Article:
Middle School Bullies More Likely to Use Alcohol, Study Says
Young adolescents involved in bullying behavior, either as perpetrators or victims, are significantly more likely to use alcohol than those who are not involved in bullying at all, according to a study published online this week in the The Journal of Early Adolescence.
Although both bullies and victims use alcohol, bullies are more likely to do so in comparison to victims, those who were both perpetrators and victims or those who are not at all involved in bullying behaviors. So, basically, these findings show bullies are more likely to use and abuse alcohol than other kids.
"Both bullying and alcohol use are relatively common adolescent experiences," the authors write, adding that both are public health concerns.
Defined as "aggression that is intentional, repeated and involves a disparity of power between the perpetrator and the victim," bullying is an international phenomenon among adolescents, with studies from Canada, Europe and Africa showing a wide prevalence, the study reports.
In the United States, a recent national survey of students in sixth through 10th grade found that nearly 30 percent of those polled were involved in recent bullying at school, while a similar study of seventh and eighth graders put the number at 24 percent, the authors say.
The current study looks at three types of bullying behaviors and finds that verbal bullying is the most prevalent, followed by physical and then cyber. The consequences of bullying are also examined, with bullying or being bullied potentially associated with an increased risk of social and psychological problems, including alcohol use.
The authors note that alcohol is the most prevalent drug used by adolescents in the United States, with nearly 16 percent of eighth graders, nearly 5 percent of seventh graders and 7.5 percent of sixth graders reporting alcohol use in the past 30 days, according to recent studies cited in the report.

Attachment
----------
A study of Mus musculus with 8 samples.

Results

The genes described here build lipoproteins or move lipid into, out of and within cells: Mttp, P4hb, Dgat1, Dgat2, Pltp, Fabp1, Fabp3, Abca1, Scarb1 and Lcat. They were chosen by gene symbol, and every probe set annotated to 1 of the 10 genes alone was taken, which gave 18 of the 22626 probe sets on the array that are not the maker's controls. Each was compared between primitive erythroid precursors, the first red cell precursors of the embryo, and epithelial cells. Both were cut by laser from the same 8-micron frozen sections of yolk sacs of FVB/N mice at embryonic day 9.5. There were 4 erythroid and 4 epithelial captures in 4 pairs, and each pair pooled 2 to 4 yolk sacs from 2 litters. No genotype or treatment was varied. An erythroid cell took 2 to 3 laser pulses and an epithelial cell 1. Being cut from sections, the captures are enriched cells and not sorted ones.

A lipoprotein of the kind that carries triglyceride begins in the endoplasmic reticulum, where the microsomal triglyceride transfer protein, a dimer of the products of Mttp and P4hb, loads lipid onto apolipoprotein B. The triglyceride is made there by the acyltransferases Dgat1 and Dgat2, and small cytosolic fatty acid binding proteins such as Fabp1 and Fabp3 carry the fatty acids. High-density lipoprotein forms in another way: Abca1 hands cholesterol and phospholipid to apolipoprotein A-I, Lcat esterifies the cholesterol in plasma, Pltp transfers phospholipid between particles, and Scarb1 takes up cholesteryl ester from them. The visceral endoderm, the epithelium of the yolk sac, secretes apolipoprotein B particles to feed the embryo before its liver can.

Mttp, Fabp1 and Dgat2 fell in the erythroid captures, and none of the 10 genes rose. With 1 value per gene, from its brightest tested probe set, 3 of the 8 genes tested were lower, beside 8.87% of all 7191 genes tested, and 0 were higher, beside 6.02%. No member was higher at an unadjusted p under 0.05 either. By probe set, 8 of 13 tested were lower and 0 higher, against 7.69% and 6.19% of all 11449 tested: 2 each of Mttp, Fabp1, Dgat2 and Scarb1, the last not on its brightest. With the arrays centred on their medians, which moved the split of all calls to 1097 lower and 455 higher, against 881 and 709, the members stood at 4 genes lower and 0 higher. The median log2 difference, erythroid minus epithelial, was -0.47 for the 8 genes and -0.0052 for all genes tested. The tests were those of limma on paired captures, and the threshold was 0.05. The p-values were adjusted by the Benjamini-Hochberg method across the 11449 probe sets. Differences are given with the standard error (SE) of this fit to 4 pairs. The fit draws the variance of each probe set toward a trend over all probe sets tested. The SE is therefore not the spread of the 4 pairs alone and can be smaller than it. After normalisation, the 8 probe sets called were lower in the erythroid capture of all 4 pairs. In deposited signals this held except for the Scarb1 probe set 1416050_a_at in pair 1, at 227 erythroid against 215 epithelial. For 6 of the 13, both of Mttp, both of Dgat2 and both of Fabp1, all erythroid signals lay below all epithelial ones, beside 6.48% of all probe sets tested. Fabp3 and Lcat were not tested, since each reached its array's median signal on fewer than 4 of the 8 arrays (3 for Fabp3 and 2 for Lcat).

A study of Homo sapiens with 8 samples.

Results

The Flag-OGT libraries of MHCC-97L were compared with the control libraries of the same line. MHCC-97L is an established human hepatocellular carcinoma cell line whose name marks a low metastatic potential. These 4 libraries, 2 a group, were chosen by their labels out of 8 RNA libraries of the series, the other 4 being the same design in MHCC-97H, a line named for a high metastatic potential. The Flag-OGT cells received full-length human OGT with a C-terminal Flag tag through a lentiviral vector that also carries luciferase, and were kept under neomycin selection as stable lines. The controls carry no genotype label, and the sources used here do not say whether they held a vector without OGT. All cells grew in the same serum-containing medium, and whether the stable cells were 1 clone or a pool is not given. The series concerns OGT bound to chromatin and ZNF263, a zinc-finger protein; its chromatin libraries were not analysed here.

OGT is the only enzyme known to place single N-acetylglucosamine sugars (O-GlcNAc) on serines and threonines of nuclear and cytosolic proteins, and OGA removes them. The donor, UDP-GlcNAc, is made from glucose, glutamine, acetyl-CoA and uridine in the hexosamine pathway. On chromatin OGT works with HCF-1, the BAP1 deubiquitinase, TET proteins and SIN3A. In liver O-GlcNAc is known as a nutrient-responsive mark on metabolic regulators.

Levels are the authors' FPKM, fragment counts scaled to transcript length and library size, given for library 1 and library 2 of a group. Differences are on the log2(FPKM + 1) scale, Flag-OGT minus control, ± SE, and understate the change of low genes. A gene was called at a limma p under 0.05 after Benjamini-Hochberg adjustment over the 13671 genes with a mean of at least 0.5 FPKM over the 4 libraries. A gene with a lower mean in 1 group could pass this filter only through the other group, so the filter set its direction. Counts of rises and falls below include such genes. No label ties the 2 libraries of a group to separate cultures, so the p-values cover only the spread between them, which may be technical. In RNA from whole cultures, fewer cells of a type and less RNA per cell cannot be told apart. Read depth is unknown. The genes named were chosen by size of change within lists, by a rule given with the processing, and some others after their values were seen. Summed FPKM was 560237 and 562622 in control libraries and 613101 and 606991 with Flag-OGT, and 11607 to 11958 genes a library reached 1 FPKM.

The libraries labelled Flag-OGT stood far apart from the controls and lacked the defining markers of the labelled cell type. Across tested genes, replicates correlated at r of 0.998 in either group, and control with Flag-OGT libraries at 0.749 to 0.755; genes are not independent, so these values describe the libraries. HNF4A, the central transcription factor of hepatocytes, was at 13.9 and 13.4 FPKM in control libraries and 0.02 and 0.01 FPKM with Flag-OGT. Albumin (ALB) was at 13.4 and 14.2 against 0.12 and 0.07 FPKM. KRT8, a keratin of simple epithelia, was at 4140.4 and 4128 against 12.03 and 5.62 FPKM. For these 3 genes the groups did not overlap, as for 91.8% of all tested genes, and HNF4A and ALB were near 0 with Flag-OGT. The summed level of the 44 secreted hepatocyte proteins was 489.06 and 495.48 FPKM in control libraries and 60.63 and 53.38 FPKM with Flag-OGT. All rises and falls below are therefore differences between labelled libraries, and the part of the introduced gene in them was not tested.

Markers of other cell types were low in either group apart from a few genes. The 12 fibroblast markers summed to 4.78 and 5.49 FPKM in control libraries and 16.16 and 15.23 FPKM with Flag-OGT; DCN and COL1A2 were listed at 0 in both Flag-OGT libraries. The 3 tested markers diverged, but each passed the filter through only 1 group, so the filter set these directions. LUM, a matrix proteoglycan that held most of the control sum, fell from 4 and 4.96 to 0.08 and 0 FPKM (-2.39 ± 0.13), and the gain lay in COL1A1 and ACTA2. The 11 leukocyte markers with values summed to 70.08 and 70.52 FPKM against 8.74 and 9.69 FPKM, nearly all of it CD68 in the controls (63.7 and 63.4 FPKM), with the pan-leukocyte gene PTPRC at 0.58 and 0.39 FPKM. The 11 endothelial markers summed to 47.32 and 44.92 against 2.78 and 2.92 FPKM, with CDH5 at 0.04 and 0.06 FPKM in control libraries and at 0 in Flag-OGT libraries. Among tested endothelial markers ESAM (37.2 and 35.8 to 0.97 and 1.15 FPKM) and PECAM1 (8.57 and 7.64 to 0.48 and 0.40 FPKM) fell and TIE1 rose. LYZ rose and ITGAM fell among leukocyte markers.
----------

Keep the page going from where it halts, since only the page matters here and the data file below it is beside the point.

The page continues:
Alcohol use by middle school students has been shown to lead to alcohol dependency and a range of "negative outcomes," such as vehicle accidents, unwanted sexual experiences and poor school performance. In addition, the authors say alcohol use in adolescence is especially problematic in light of the "rapid physical growth, pubertal development and psychological and social maturation that are hallmarks of the developmental period."
While a few studies have examined the relationship between bullying behaviors and alcohol use in adolescents, the current study is the largest assessment of the three types of bullying behavior and alcohol use to date, using data from a random sample of 44,352 middle school students derived from the 2008 Florida Youth Substance Abuse Survey.
In other findings, though the current study showed a relatively low rate of cyberbullying compared to other studies, the researchers found that kids who were involved in cyberbullying were more likely to use alcohol than those involved in physical and verbal bullying. And victims of cyberbullying had nearly two times greater odds of alcohol use than students who were not at all involved in bullying.
"Education and prevention programs on alcohol use should take into consideration bullying behaviors with attention to the differences in type of bullying behaviors and involvement," the authors conclude. "In addition, as the Internet and cell phones have started to play a major role in adolescents' communication and social life, important avenues for future research on the association between cyberbullying and alcohol use should include other student characteristics such as mood change, depression and relationships with peers that may give us more information on high-risk populations for bullying behaviors."